PIA/GATF Summit Looks at Industry M&As
BOCA RATON, FL—The recent PIA/GATF Graphic Arts Industry Summit drew 225 paid attendees to hear merger and acquisition strategies and case studies, and to honor industry leaders.
Though the conference theme of "Buy, Sell, Merge, Grow" was directed toward the attendees, Ray Roper, PIA's president, and George Ryan, GATF's president, were paying close attention and taking their own notes. The consolidation of their organizations continues. Formal discussions were begun last November by the management and boards of both the PIA and GATF.
The two organizations may join together, but the term "merger" is inappropriate. GATF is classified as a 501-C-3 educational foundation, and PIA is a 501-C-6 trade association. A legal consolidation would allow both classifications to continue, structuring each entity to best fulfill its stated mission.
The boards of directors passed resolutions endorsing the proposed consolidation and directing the staffs to prepare documents necessary to make it legal. No time frame was set; the actual consolidation could take years to implement effectively.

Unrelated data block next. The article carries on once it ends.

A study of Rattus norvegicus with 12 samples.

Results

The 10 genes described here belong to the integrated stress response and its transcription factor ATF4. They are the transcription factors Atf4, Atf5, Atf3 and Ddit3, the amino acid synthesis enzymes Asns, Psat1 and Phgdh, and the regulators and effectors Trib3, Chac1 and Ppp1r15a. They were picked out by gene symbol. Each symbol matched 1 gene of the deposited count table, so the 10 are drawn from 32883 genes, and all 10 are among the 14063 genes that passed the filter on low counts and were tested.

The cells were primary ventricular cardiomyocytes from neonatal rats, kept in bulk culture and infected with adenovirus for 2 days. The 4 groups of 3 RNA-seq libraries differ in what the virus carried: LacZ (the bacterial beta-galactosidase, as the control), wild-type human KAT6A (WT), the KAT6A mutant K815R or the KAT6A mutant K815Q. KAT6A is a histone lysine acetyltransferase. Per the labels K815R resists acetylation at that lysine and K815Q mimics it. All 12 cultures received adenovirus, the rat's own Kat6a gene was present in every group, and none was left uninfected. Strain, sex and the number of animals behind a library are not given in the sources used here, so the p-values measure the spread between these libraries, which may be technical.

Industry observers indicate that benefits of the consolidation would include elimination, or certainly reduction, of duplicate programs; improved administrative economics; and more effective marketing.
Robert Johnson, chairman and CEO of Bowne & Co., had plenty to say about effective marketing in his keynote address. "Successfully Managing in a Mature Marketplace" was based upon the strategic positioning and direction anticipated for Bowne in the next few years.
Bowne's core competency is fulfilling clients' time-sensitive and security information printing needs through increasingly proprietary technical skills.
In fiscal year 1996, Bowne generated sales of $500 million and profits of more than $42 million. The company's plans for the year 2000 forecast sales exceeding $900 million, with 30 percent of that coming from new business—such as from fulfilling corporate customers' "outsourcing" of commercial printing.
Johnson also announced a $20 million investment in a new longer-run, financial printing facility in South Bend, IN. Mutual fund prospectuses, being initiated from Bowne's Fundsmith proprietary software, are examples of the longer-run products to be produced on the plant's web presses.